Approximately 5 percent of adults with seizures have psychological nonepileptic seizures, which seem outwardly to resemble epileptic seizures but lack a discernible organic cause. Physicians often have a hard time distinguishing these seizures from epilepsy because the seizures in the two disorders look similar, even though the biology of psychological nonepileptic seizures is quite unlike that of epilepsy. In a study published in the June 13 issue of Neurology, Steve Chung of the Barrow Neurological Institute in Phoenix reports that during a psychological seizure most patients close their eyes, whereas patients rarely close their eyes during an epileptic episode.
It takes about five years for a patient with psychological nonepileptic seizures to get an accurate diagnosis, says Chung. Many patients have to undergo seven days of observation in the hospital, with video and monitoring of their brain electrical patterns with an electroencephalogram. Unlike epileptic seizures, which are accompanied by dramatic changes in patterns of electrical discharge in the brain, no change in brain-wave activity occurs during a psychological seizure.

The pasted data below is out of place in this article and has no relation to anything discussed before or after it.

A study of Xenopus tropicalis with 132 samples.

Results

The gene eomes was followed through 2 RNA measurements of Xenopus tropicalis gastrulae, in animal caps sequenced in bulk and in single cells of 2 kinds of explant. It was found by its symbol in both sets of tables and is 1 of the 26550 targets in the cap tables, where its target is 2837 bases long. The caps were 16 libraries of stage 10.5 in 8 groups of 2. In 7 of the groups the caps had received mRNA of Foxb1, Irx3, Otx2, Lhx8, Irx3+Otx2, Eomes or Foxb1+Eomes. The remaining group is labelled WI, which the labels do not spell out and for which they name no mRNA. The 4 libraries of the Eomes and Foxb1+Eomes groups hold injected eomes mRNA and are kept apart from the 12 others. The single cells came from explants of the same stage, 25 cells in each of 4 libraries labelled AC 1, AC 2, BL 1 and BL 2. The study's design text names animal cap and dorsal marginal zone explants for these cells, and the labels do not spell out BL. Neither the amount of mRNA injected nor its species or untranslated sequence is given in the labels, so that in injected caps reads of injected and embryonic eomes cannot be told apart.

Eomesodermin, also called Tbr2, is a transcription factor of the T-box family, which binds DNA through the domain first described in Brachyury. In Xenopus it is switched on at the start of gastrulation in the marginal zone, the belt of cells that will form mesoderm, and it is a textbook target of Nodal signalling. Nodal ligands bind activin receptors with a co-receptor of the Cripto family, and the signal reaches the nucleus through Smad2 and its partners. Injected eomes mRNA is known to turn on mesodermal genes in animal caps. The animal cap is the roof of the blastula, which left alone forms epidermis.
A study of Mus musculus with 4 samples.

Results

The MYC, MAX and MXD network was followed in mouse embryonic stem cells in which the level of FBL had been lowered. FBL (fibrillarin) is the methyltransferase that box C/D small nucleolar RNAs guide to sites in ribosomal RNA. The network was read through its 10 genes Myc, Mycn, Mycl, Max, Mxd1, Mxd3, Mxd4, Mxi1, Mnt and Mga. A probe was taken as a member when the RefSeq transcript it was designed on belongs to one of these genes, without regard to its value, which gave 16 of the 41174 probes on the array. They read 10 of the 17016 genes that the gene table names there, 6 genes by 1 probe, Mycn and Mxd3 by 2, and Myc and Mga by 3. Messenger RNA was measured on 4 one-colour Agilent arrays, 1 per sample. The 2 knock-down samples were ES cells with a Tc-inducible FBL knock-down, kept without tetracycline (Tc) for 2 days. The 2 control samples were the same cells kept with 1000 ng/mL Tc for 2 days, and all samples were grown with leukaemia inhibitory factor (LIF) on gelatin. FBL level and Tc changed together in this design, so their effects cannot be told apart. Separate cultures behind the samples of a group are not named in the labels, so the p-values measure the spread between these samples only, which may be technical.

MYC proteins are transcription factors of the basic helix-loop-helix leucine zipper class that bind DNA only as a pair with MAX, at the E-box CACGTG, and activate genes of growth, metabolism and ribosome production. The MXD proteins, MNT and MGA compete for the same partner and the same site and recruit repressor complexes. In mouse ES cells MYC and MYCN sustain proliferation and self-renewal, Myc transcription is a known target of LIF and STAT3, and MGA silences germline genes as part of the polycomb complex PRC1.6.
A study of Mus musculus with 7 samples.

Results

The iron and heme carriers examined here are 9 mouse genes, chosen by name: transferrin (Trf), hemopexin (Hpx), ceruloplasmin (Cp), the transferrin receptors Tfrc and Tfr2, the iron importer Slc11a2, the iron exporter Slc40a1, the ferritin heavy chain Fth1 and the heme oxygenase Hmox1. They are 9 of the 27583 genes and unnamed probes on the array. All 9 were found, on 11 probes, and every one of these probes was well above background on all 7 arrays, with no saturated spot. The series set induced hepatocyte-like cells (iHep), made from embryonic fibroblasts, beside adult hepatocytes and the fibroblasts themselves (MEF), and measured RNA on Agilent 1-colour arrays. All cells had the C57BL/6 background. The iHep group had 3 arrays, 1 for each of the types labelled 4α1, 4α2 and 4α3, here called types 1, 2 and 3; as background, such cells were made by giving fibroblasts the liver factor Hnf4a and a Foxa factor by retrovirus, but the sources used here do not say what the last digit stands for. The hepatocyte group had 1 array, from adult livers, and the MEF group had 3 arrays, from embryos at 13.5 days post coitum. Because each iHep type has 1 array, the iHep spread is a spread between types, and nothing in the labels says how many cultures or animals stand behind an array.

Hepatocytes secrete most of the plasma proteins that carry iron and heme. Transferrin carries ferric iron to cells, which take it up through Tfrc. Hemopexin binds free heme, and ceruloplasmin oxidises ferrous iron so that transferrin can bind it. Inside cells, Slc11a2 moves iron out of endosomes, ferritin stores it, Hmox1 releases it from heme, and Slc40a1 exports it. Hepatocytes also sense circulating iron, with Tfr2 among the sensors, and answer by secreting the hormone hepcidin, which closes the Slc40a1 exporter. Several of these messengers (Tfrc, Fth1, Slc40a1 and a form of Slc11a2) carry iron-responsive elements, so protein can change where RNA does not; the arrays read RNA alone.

When Chung’s group reviewed videos of seizures in 52 patients diagnosed with psychological nonepileptic seizures, they found that 50 patients closed their eyes during an episode. By comparison, only four out of 156 patients with epilepsy did. The team is now working to test whether this characteristic can be used by family members to help diagnose psychological nonepileptic seizures in an outpatient setting.
Psychological nonepileptic seizures occur most often in individuals who experienced major psychological or physical trauma at some point during their life. And though anti-epileptic drugs do not help, antidepressants and behavioral modifications such as psychotherapy or meditation sometimes do. “There is some evidence that if you catch it early on and educate the patient, they do much better,” says Chung.